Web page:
The Knesset on Wednesday night approved in its final readings an NIS 7.1 billion ($2 billion) reform of the nation’s electricity sector, hailed as “historic,” which aims to increase competition and transform the main electricity utility into a more streamlined and efficient company.
The reform was passed 42-4.
At the end of the reform process, estimated to unfold over a period of 10 years, the Israel Electric Corp. will manufacture just 30 percent of the country’s electricity, compared to 70% today. Most of the production will move to the hands of private producers, the Knesset said in a statement.
The reform will also cut the utility’s workforce by some 25% over the next eight years, with 1,800 workers taking early retirement in addition to the 1,000 who have already left in the past two years, the Finance Ministry said in a statement. An additional 1,000 workers will be laid off or retire, the statement said. Others will move to different roles within new government corporations that will be set up as part of the reform. At the end of the process, some 2,200 workers will have left the utility, with the workforce at the IEC standing at 6,400 employees, the ministry said.
“This is the most dramatic reform in recent decades, by any measure, which will have a positive effect on the pockets of every citizen in Israel,” Economic Committee chairman MK Eitan Cabel said in a statement, calling the reform — 22 years in the making — “historic.”
As part of the reform, over the next five years the IEC will sell off several gas-fired power stations — in Eshkol, Reading, Alon Tavor, Ramat Hovav and the eastern part of the Hagit site — to third parties in a bid to increase competition in electricity supply. The corporation will also build two new natural gas-operated combined-cycle power turbines.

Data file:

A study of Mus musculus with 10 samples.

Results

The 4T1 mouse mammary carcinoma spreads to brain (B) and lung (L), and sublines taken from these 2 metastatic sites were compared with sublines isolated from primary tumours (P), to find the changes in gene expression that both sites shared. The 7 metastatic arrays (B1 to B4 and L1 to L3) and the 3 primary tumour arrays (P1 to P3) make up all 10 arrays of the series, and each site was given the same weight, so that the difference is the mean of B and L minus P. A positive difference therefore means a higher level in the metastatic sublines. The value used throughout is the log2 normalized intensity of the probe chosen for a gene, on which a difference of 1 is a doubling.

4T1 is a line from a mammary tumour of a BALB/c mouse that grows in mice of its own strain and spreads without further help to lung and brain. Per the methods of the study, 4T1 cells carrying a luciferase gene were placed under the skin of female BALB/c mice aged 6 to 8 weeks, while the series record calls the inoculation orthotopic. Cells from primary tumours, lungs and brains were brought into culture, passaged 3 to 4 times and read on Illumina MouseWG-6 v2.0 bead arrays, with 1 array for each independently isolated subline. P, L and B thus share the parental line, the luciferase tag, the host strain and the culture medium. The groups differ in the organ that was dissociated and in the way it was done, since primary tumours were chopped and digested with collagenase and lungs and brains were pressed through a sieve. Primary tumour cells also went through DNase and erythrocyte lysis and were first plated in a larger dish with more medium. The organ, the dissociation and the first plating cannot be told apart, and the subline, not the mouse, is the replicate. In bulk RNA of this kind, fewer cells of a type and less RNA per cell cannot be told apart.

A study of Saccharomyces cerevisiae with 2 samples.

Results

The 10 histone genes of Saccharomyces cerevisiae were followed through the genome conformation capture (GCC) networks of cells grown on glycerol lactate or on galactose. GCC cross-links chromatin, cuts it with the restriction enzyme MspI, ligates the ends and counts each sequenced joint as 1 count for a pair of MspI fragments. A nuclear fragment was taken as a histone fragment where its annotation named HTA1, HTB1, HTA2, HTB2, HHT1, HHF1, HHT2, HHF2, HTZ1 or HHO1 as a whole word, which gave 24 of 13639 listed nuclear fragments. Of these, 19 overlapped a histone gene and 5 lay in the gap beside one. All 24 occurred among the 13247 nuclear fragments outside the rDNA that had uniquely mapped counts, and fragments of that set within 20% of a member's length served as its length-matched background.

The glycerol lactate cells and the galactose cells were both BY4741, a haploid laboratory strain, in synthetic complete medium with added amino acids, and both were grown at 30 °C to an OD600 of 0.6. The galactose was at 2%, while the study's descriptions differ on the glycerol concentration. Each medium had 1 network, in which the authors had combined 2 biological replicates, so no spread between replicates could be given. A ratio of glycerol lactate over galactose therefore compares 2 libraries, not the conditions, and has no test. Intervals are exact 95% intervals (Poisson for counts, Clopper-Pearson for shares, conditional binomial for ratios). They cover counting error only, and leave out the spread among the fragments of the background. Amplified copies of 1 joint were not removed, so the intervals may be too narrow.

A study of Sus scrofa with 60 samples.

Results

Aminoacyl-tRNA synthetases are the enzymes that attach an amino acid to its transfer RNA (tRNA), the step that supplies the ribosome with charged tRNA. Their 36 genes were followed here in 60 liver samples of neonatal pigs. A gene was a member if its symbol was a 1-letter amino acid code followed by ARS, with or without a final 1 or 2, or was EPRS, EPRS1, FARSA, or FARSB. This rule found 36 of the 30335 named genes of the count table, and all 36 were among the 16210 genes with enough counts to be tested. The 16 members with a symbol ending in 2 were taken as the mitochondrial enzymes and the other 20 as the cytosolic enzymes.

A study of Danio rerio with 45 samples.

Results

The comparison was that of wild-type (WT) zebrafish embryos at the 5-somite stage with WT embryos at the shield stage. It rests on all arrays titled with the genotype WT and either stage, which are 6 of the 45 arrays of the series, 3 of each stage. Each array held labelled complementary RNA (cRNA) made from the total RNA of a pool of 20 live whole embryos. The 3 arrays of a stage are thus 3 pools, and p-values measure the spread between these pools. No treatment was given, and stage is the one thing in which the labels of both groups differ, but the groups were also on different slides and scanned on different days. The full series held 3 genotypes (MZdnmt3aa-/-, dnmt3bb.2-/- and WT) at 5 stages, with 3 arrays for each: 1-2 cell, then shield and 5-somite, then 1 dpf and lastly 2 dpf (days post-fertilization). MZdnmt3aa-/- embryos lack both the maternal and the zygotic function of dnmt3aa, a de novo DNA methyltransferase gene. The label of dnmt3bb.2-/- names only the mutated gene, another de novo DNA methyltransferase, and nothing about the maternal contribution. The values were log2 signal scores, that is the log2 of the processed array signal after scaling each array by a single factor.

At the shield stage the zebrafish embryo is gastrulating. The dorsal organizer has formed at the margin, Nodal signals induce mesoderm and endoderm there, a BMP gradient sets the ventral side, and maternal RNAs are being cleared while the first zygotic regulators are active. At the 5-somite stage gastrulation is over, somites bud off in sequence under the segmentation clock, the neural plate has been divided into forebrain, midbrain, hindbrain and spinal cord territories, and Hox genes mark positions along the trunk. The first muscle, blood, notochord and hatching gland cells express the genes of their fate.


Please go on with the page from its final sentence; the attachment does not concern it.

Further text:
Israel’s “big reform is on its way,” Avi Nissenkorn, head of the Histadrut Union said in a statement. It “protects the financial strength of the company while also safeguarding the rights of the workers.”
The IEC will vacate 16 properties located in high-demand areas, which can be earmarked for housing, commerce and parks, the Knesset statement said, and the reform will include incentives for the utility to vacate over 100 additional properties.
The energy minister will provide a progress report on progress every year, on January 31, the Knesset statement said.
The reform has been decades in the making, as it was held up by union demands over the fate of employees. It aims to break the electricity company’s near-monopoly on producing and supplying electricity. An accord between the Finance Ministry and the workers reached in December 2017 paved the way for its approval.
“The reform will ensure competition, dramatically increase investment in the electricity grid to ensure reliability in supply, and solve the issue of the vertical monopoly of IEC,” said Shai Babad, the Finance Ministry director-general. The IEC will become much more efficient and will hold “significantly smaller debt,” he said.